I’ve never done anything with cherries except to eat them whole. Every prepared cherry I’ve tasted has been agonizingly sweet. I had long assumed that I, Nicole, disliked cooked, dried, or otherwise processed cherries. End of story.

BOY! I was wrong. Can you believe it? Me? Wrong? Nah, I’m used to it. I also used to think I hated cooked carrots, but that’s a story for another post. Staying on track here… We were on our usual grocery run, post farmer’s market, and before I knew it I had two big bags of red cherries in my cart. I guess I was bound and determined to figure out what I hated so much about prepared cherries.

We were in the checkout isle, the cherries were on the belt, slowly approaching the cashier, and I was panicking. Self, what in the eff are you going to do with all of these cherries? There’s no way you can eat them all raw. God knows Chris will TELL you he’ll help, but then he won’t, because he just so enjoys annoying you. (Not. Of course.) You’re going to be staring down rotten cherries in a week, literally sobbing over the food waste. (I actually do this anytime we don’t use an ingredient. It’s not pretty.)

Here I am sensing the impending disaster, heart in my throat, palms sweaty, unable to decide what to do… Aaand the cherries are now back in the cart, in a (re-usable) grocery bag, paid for. Shit.

Several years ago, before Chris and I were married, I made him a date-night dinner finishing off with a pear galette. It was rustic, beautiful, uncluttered, and delicious. For whatever reason, I haven’t made one since in spite of that lovely description and smooth initial experience. Why don’t I make a cherry galette? It’s no frills, now is the perfect season for it, I have all of the necessary ingredients of which there are few… I just need a little secret to finish it off.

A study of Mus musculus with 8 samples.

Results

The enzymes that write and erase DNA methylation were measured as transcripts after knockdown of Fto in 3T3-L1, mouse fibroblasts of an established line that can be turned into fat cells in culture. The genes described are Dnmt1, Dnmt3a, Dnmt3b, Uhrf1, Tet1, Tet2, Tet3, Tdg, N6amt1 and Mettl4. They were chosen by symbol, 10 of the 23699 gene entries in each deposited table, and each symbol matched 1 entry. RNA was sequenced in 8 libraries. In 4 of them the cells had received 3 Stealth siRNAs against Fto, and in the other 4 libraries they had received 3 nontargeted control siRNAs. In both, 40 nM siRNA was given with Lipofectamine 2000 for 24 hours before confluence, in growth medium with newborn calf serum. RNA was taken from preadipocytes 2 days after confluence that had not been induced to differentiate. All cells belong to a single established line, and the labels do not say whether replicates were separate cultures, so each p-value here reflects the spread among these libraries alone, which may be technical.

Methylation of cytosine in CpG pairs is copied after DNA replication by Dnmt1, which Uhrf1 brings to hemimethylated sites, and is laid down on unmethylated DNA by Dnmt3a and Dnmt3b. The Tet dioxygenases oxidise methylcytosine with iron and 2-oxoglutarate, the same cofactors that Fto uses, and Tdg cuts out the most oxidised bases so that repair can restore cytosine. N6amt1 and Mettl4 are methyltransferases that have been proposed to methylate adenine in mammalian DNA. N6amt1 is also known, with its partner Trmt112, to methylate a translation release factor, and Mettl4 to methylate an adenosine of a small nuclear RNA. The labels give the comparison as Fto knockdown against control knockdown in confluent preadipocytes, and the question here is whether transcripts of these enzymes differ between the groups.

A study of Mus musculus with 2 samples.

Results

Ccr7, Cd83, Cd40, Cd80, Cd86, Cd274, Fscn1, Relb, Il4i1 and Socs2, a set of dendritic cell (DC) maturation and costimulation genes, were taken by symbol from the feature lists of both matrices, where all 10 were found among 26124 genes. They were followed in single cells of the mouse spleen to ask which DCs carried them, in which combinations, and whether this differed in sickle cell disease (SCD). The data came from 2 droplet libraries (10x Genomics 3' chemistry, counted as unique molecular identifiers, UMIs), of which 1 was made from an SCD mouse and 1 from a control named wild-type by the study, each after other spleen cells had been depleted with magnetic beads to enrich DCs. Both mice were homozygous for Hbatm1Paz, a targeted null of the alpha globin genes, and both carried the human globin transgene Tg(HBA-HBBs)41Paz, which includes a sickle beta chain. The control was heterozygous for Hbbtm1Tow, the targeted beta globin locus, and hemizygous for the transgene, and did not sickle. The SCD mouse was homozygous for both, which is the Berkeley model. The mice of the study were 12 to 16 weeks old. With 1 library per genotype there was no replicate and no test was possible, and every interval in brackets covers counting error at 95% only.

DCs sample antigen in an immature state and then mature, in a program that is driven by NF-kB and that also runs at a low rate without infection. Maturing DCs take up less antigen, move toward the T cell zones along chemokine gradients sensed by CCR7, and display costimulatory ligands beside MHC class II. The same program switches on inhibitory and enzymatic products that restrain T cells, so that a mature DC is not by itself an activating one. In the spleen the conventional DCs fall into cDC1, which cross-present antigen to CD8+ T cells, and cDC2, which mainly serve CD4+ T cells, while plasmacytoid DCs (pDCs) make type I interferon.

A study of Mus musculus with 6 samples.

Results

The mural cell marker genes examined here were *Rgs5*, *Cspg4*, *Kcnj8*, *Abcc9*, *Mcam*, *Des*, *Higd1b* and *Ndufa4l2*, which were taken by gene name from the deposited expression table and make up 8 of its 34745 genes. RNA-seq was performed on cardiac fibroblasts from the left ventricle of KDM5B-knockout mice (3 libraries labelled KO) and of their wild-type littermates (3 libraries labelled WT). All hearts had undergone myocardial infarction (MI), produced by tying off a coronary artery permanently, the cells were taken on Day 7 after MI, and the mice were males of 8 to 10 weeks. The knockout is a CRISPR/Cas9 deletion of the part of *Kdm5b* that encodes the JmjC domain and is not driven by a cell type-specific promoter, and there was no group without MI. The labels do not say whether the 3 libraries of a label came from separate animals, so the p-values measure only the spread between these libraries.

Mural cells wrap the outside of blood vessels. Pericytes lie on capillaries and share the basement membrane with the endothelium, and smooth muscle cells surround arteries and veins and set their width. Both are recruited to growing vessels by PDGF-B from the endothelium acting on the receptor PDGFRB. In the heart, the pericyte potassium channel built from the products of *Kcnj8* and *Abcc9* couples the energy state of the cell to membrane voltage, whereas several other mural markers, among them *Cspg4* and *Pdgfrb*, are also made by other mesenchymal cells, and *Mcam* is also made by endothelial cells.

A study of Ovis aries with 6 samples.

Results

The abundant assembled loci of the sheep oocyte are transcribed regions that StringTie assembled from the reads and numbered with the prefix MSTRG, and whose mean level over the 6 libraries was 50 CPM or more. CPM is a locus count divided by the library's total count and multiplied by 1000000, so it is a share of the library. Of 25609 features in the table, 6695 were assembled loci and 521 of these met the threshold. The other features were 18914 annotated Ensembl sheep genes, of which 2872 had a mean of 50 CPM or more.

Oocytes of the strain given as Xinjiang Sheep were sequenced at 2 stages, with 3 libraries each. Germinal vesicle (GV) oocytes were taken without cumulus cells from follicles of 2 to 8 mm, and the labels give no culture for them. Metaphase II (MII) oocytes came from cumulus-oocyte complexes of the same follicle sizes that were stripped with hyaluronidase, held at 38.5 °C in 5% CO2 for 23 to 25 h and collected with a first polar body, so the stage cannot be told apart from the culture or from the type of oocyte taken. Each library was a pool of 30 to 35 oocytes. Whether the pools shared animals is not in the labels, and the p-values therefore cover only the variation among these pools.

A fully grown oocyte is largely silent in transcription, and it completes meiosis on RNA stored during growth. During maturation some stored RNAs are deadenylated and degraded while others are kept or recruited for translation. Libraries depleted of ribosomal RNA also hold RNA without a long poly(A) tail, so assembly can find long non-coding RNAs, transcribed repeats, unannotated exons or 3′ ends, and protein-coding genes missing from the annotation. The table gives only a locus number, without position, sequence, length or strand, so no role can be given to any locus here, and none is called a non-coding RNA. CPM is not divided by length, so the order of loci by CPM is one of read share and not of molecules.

We were at our last food stop, our neighborhood co-op, which specializes in local produce and meat. My unique ingredient stared me down as soon as we entered: basil. There were a few enormous bags of fresh, local, fragrant basil. Okay, OKAY. Basil in dessert isn’t exactly uncommon. But I knew it’d be enough flavor to drop any added sugar (my favorite activity) and let the cherries speak volumes on their own.

So here you are. Don’t panic over all those discounted cherries. Make a galette.

Cherry Surprise Galette



  • 4 cups pitted cherries – I merely sliced them down the middle and pinched the seed out
  • 1 TBS lemon zest
  • 1 tsp lemon juice
  • 1 TBS tapioca granules
  • 1 tsp balsamic vinegar
  • 1 tsp vanilla extract
  • 4-5 thinly sliced large basil leaves
  • 1/4 cup of sliced almonds, half for filling and half for garnish if desired


  • 1.5 cups packed almond meal
  • 1/2 cup flax meal
  • 1 egg
  • 1/4 tsp salt
  • 2 TBS olive oil

Egg wash

  • 1 egg
  • 1 TBS water


  1. First, make the crust. Combine all ingredients in a bowl and mix until a dough forms.
  2. Roll out the dough on a sheet of parchment paper, place on a baking sheet, and store in the fridge for an hour while you prep the filling.
  3. Preheat the oven to 350 degrees F.
  4. Prep your cherries.
  5. Combine cherries and remaining filling ingredients in a bowl. Be careful not to mash the cherries while coating them with the remaining ingredients.
  6. Remove the crust from the refrigerator. Assemble the cherries onto the crust, keeping them ~2 inches from the edge. Drizzle any remaining juices in the bowl over the cherries.
  7. Fold the exposed edge over onto the outer cherries, making a border. It won’t be perfect, but that’s the beauty of a galette. Pinch the very edges to seal.
  8. Combine egg and water in a small bowl and whisk.
  9. Using a pastry brush, brush the edges of the galette.
  10. Bake the galette for 50-60 minutes, or until the edges are golden and some of the cherries are just beginning to wilt. They’ll continue to cook for a few minutes once out of the oven, and you want to preserve a bit of texture. Allow to cool slightly before serving, garnishing with sliced almonds if desired.